Support swells for Bonino to be italian president

Italy has never had a woman head of state

04 April, 18:21

Support swells for Bonino to be Italian president Support swells for Bonino to be Italian president

(By Paul Virgo) (ANSAmed) - Rome - Support appears to be swelling for former European commissioner Emma Bonino to become Italy's first woman president.

Italian President Giorgio Napolitanòs seven-year term ends on May 15 and parties are wrangling about a successor after February's inconclusive general election.

But Bonino, a leading member of the small Radical party that promotes economic and social liberalism and champions human-rights issues, has won support from figures on both the left and right of Italy's political spectrum.

"I'd very much like Emma Bonino to be president, I'd feel protected by a woman like her, even though some of her positions are distant from mine," former equal opportunities minister Mara Carfagna, an MP for ex-premier Silvio Berlusconìs People of Freedom (PdL) party, told Sky television.

"It would be a great symbol of change".

Renato Brunetta, the PdL's House whip, subsequently stressed that Carfagna was expressing her personal opinion, and not the position of her party. Another PdL MP, Michaela Biancofiore, said that "the country is ready for a woman at the Quirinale (presidential palace) and Emma Boninòs name is the most suitable", although other members of the party disagreed.

But Bonino, who served as the European commissioner for health and consumer protection from 1995 to 1999 after being nominated by Berlusconi, also won backing from the centre left.

"I think that the time has come to elect a woman at the Quirinale," said Alessia Mosca, an MP for the main centre-left Democratic Party.

"Our country has lots of female figures who are more than capable of being head of state. I'm thinking of Emma Bonino and of other names that have been mentioned". Bonino gained a good international international reputation for her human rights work while she was European commissioner in a role that also included overseeing the EC's department for overseas aid and civil protection. The 65-year-old served as European affairs and international trade minister in Romano Prodìs 2006-2008 government too. The Radical party lobbied for her to become head of state in 1999, saying she was "the right man", before Carlo Azeglio Ciampi was elected president. In February outgoing Premier Mario Monti, whose Civil Choice party performed disappointingly in the election, said he would be happy for Bonino to become president. Among the other names touted have been ex-premiers Prodi and Giuliano Amato but both are from the centre left and might be unacceptable to Berlusconi who has already accused the PD of trying to "occupy" top institutional posts after electing parliament's two Speakers.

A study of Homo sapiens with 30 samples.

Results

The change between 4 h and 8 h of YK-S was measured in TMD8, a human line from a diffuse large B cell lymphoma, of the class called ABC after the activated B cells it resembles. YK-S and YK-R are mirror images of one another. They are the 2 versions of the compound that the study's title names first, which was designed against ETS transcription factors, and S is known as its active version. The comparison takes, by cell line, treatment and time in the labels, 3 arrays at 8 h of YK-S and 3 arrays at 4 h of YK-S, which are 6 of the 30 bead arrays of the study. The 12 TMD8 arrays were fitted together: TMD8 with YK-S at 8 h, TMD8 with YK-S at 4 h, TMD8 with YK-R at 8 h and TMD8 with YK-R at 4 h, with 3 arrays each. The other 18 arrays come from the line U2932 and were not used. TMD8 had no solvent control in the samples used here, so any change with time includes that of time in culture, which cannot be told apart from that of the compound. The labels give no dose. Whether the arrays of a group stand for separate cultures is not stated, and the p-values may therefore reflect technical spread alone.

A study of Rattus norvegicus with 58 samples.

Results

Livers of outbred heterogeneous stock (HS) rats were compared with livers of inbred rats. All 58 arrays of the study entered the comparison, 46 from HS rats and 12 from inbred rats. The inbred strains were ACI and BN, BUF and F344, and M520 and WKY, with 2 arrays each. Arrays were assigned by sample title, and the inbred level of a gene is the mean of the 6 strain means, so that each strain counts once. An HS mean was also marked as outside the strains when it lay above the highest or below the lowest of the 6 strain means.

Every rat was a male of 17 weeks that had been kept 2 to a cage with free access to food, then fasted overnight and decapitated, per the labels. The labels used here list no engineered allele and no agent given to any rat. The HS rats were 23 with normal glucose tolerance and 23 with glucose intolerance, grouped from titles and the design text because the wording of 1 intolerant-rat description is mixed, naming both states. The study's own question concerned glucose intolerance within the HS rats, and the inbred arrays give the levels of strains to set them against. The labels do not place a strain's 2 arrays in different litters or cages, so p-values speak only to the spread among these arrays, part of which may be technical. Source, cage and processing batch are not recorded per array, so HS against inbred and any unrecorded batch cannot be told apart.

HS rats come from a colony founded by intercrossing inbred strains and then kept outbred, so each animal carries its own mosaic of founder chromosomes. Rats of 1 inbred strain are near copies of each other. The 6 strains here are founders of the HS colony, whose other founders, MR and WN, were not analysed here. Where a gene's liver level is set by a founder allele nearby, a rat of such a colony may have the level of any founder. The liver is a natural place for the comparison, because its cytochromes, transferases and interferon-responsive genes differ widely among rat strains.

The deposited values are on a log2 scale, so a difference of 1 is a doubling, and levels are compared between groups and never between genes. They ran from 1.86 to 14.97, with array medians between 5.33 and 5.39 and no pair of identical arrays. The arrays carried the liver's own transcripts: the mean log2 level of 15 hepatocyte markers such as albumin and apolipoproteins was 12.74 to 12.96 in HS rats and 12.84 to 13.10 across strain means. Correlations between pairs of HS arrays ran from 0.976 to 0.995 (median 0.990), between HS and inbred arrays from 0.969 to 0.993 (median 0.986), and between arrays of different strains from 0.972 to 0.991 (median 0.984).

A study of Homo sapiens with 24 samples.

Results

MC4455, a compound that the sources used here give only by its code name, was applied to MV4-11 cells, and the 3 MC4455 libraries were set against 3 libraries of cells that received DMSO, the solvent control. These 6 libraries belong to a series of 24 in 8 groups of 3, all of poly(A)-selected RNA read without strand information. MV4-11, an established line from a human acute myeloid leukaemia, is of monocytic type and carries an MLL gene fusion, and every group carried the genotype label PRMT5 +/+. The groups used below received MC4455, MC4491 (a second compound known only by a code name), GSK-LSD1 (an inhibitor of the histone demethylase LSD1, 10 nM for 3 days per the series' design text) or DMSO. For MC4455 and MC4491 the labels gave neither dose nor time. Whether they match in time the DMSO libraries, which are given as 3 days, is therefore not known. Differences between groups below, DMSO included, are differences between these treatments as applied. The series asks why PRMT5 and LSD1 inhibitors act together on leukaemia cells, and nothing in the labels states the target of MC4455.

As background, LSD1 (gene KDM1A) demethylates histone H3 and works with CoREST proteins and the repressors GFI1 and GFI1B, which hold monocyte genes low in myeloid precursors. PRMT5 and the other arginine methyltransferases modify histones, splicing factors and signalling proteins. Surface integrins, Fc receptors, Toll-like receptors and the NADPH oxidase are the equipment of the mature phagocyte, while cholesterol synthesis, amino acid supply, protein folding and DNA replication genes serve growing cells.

Pundits say ex-Senate Speaker Franco Marino, a more centrist centre-left figure, would be more acceptable to Berlusconi, who has floated long-time advisor and institutional fixer Gianni Letta.

Both Letta and Berlusconi himself, whose candidacy has been advanced by the PdL, are unacceptable to the PD.

M5S has opened an online poll to suggest candidates and has already suggested humanitarian war-zone doctor Gino Strada.

Bookmakers do not seem to think the support expressed for Bonino is sufficient for her to win the day. Prodi was given 1.65 odds by bettings agency Bet2875, followed closely by Letta with odds of 1.85. Bonino was given much longer odds of 7.30. Voting for the president will be by the 945 members of the two houses of parliament plus regional representatives, making a total of 1007.

A two-thirds majority is needed for the first three votes, and then a simple majority.

Presidents, who represent national unity and have the power to help governments form and vet laws, are usually expected to be voted by a broad majority. (ANSAmed).